Parents make desperate plea for placement, but schools are full

Parents and learners have been gathering outside Sinenjongo High school in Joe Slovo park in the hope of finding placement at the school. They are among more than 8,600 learners still to be placed at schools in the Western Cape.

By Peter Luhanga

  • There are about 250 children who are waiting to get into Sinenjongo High in Joe Slovo Park and Inkwenkwezi Secondary in Dunoon.
  • The principal at Sinenjongo says her school is full and Covid-19 rules have meant they need more classrooms for each grade.
  • The provincial education department says there are more than 8,600 learners yet to be placed in schools in the Western Cape.

In a desperate attempt to find placement at a school for their children, about 100 parents hired taxis to travel to the Western Cape Education Department’s offices in Parow last Friday.

This followed nearly a week of their own unsuccessful attempts to get their children into the nearby Sinenjongo High school in Milnerton’s Joe Slovo Park. Dunoon Ward Councillor Lubabalo Makeleni also accompanied the parents as scores of children in the area are struggling to find spots at a school this year.

In an email following the meeting with the parents, Wendy Horn, the education department’s director for the metro north district, said there were 42 unplaced learners who applied to Sinenjongo High, and an additional 211 unplaced learners for Inkwenkwezi Secondary in Dunoon.

Horn said she met the principals of Inkwenkwezi and Sinenjongo who agreed to enrol the learners that had applied by the 17 March 2020 registration deadline.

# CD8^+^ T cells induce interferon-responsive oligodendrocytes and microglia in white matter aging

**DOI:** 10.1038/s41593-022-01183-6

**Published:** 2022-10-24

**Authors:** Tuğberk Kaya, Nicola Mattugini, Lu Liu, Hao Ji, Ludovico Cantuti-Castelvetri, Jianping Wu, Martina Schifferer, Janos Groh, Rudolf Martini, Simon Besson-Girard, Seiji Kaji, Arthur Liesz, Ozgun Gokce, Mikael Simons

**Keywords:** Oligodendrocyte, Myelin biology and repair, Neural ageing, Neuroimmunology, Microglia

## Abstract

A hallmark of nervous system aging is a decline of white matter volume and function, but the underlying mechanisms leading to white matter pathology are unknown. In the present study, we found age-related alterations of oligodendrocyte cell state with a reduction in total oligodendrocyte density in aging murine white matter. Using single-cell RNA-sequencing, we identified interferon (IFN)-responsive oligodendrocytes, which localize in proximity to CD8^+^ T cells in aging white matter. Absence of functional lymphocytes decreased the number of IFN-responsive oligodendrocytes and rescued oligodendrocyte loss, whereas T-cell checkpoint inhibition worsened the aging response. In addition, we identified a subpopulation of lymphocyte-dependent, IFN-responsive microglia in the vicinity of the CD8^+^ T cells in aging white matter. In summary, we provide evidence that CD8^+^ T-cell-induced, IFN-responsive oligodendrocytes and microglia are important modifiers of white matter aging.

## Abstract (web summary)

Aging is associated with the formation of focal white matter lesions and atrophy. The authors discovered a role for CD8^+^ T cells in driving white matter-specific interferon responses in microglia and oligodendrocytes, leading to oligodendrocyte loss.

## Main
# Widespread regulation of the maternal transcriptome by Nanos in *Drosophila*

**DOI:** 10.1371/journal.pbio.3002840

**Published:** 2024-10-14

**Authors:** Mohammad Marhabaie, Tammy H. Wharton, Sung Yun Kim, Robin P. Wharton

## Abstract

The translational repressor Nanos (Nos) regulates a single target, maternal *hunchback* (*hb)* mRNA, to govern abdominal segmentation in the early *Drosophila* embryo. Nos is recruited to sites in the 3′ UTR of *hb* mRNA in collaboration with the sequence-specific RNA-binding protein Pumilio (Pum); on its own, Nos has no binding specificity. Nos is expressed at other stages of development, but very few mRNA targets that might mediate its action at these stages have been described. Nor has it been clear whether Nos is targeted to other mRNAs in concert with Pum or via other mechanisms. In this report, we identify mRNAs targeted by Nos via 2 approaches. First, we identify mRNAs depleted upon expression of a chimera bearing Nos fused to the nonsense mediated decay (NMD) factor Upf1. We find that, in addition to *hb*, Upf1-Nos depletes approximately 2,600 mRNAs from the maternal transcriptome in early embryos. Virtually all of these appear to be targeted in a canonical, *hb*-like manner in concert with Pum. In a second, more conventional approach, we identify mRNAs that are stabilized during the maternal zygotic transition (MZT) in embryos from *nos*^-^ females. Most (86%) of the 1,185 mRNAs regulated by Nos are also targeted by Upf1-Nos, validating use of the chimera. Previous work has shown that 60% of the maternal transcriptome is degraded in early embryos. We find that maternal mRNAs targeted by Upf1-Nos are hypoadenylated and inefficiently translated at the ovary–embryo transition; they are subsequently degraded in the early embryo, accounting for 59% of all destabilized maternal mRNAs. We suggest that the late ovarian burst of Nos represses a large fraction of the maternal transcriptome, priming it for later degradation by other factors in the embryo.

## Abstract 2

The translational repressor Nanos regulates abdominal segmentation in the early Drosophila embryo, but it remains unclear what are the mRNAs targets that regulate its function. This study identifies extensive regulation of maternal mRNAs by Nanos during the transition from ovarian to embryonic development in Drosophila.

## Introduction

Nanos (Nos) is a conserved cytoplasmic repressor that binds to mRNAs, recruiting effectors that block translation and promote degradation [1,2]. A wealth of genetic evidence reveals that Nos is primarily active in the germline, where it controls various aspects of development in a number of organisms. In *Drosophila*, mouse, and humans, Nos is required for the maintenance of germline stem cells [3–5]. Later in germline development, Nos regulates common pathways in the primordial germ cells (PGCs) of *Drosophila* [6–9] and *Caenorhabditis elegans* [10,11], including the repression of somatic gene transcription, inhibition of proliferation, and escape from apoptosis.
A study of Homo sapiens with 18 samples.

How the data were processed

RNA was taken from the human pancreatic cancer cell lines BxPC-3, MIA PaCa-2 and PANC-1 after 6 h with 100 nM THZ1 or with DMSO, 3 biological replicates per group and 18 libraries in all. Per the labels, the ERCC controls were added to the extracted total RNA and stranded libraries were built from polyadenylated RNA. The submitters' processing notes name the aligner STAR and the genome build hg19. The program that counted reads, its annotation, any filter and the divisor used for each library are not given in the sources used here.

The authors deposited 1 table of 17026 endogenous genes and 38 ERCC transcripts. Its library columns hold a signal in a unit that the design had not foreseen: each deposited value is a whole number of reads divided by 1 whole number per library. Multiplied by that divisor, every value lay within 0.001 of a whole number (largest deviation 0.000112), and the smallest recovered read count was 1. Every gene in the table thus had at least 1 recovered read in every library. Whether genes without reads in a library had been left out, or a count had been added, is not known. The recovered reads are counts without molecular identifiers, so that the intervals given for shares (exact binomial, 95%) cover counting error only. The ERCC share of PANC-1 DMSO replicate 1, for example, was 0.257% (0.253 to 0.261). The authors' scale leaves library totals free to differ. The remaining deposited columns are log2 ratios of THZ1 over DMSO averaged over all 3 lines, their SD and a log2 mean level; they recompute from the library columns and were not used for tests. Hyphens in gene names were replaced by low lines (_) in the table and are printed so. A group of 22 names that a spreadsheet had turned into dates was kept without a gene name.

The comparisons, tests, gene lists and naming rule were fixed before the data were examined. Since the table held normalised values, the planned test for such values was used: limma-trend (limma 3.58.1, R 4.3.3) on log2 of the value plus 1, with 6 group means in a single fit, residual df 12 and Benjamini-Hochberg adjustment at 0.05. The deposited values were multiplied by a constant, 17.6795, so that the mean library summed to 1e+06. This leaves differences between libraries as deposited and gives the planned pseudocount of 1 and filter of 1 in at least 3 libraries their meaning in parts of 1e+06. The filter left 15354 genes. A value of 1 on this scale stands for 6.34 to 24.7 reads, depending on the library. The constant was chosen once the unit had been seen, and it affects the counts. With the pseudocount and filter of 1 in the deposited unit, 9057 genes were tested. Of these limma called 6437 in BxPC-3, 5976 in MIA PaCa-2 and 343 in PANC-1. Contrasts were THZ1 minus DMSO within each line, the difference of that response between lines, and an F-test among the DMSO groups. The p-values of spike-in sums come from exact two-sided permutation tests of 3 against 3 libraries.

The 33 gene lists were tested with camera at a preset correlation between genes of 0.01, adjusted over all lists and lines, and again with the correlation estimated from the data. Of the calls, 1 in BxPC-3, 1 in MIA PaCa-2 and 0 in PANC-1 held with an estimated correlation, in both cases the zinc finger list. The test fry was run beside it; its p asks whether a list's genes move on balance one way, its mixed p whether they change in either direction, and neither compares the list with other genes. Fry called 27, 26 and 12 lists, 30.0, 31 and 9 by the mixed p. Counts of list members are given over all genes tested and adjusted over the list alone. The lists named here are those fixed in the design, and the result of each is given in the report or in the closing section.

She said the schools will contact those parents this week. Also, an urgent request for mobile classrooms to be placed at the schools has been sent to the provincial education department’s head office.

Since schools opened on 15 February, many of the parents and children who met with department officials in Parow, have been gathering outside Sinenjongo every morning pleading for placement.

Several parents said that they had already paid R10 to Sinenjongo for registration forms and thought it meant that their children would be registered. Other parents claimed they had registered their children in March last year and were shocked to be told they were in fact not registered.

Joe Slovo resident Yoliswa Mhambi is the guardian of 15-year-old Unam Mhambi who arrived in Cape Town from the Eastern Cape in January this year. Unam was hoping to enrol in grade 10 at Sinenjongo High after having received his grade 9 report and transfer from his old school.

Mhambi said she had already bought his school uniform. She said she tried to register him in March last year, but his name does not appear on the Western Cape education system.

Sinenjongo High Principal Khuselwa Nopote confirmed that her school was full. She said the physical distancing required due to Covid-19 meant fewer learners could fit into classrooms.

“I have 263 learners in 2021 for grade 12, which means I have six classes but because of Covid-19 I have to split the six classes, which means I need 12 classrooms for grade 12 only,” she said.

Nopote said parents were not taking into account that the school also retains its learners up to grade 12 because “there are no dropouts like before”.

She also said there were four primary schools for Dunoon and Joe Slovo and only two high schools, being Sinenjongo and Inkwenkwezi.

MEC for Education Debbie Schäfer’s spokesperson, Kerry Mauchline, said about 10,500 learners in the province had not yet been placed by 19 February.

On Thursday, 25 February, the department’s Bronagh Hammond, said 8,652 of the previous week’s 10,500 learners were still unplaced. Hammond said that 1,800 of the 8,652 unplaced learners were from the metro north district.

“Many learners have been in the system, but are from the Eastern Cape. Others are going from grade 7 to 8 while others are starting school for the first time,” she said.

Mauchline said: “The reality is that our budget simply does not meet the demand for school places in our province. With an average of 22,000 extra learners each year, we would need to build 22 schools just to keep up, before we even begin to tackle the backlog.”

This article was first published by GroundUp.